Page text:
Early July, 2012 – From the alpine forests of Utah’s Mirror Lake Scenic Byway we crossed the bottom corner of Wyoming and then emerged back in Utah at spectacular Bear Lake.
There’s something about Utah that always puts smiles on our faces. And we aren’t alone. Even the barns there are smiling.
Bear Lake lake is known as The Caribbean of the Rockies, and its vivid turquoise color is why. As we looked out across the water at the jet skis and colorful catamarans flying past we had to wonder, is this Utah or are we back in Mexico in the Sea of Cortez again?
There is a campground at the south end of the lake with lots of sites that back up to the water. It was fourth of July weekend and the place was packed. Everywhere we looked we saw barbecues, boats on trailers, fishing gear, happy dads drinking beer, and kids running around in bathing suits. From early morning, it seemed, the air was filled with the delicious aroma of grilling steaks.
One morning we took our bikes along the lake’s shore and discovered the coolest little trailer park. It had been built long before the other bigger waterfront mansions began to take over along other parts of the shore, but it had been built in the most choice location. Sitting high on a bluff, these tiny old single-wides had the best views of the lake.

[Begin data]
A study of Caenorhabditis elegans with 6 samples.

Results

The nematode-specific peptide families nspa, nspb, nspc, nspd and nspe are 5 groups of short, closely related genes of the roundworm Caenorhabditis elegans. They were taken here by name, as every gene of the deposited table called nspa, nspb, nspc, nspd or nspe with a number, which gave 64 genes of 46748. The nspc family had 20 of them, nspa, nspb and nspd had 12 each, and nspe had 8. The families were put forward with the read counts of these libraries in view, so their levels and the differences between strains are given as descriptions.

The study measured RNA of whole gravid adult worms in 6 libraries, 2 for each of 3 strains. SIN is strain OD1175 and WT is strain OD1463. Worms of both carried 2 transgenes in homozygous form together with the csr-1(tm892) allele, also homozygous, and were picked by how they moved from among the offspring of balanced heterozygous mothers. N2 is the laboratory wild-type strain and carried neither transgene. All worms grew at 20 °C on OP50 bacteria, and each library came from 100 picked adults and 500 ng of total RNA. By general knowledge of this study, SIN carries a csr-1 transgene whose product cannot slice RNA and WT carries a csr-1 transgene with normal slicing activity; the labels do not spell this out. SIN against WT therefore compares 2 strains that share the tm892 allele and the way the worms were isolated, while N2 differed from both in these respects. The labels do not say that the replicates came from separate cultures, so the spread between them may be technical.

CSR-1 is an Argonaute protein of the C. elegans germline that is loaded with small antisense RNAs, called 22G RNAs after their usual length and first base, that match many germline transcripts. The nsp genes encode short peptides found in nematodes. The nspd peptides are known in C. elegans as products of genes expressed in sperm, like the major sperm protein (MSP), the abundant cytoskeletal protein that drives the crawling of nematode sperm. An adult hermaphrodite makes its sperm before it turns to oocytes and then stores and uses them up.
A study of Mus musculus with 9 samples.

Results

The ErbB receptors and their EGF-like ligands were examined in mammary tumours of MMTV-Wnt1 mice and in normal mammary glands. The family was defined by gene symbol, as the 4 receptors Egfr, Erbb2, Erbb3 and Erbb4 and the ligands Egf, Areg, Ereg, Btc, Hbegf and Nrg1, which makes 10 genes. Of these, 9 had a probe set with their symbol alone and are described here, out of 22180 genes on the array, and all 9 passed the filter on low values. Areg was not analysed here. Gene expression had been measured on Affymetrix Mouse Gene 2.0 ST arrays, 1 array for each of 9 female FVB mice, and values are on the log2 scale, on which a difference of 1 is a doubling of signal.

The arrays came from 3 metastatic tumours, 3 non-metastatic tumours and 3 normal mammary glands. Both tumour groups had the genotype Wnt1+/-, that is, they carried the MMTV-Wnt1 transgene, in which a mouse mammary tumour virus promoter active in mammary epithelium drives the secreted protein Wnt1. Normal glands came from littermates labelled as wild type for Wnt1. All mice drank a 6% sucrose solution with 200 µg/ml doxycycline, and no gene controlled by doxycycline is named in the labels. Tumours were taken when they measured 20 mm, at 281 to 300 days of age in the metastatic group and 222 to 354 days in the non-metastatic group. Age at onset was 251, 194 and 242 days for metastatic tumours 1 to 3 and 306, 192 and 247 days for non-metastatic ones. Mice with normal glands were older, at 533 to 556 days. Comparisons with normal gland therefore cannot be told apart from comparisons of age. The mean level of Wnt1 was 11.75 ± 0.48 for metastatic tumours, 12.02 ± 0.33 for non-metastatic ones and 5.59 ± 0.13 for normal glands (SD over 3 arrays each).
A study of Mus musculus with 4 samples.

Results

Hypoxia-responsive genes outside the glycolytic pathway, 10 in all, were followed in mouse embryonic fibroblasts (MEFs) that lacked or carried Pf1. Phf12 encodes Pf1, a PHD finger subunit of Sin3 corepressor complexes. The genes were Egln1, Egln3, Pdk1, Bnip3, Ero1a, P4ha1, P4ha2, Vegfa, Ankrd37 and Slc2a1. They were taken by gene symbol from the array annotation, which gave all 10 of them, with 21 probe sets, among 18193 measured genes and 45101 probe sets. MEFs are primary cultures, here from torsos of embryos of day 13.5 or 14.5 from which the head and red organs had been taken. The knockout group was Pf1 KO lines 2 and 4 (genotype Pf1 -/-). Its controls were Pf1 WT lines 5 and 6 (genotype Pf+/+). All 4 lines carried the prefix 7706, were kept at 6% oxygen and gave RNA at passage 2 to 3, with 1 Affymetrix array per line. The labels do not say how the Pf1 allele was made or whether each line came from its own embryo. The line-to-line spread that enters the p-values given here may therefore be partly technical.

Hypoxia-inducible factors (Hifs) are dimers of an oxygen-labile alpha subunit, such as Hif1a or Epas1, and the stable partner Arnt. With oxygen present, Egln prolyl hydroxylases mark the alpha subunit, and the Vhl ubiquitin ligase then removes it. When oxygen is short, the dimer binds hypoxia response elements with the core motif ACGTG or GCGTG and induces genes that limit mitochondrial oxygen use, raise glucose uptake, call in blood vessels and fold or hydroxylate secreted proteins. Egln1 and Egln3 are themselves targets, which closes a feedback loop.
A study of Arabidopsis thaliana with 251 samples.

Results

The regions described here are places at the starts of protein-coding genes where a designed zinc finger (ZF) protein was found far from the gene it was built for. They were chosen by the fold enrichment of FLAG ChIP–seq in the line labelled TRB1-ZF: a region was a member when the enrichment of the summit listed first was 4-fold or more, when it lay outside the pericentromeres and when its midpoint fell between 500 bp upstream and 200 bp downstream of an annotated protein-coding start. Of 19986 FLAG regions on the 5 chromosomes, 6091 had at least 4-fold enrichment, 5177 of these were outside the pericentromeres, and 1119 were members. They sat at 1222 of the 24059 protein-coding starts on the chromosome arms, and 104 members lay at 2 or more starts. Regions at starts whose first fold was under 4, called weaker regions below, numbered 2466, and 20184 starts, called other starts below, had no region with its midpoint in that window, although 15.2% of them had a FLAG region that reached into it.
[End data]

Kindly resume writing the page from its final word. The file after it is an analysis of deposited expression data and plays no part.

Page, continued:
Just 600 square feet or so inside, each one had a fantastic, sprawling deck that looked out over the lake, and it was clear from the elaborate patio setups that these folks spent summers outside on the deck!
We were at Bear Lake during the full moon, and it rose over the opposite shore each night, leaving a brilliant trail on the water.
We had been here once before, climbing over Logan Pass from the Salt Lake City area to arrive at the western side of the lake. This time we hung out at the south end. It was only as we were leaving that we realized what a big lake this really is – probably 50 miles around the shoreline.
Continuing north along the border of Utah and Wyoming, our next stop was Afton, Wyoming.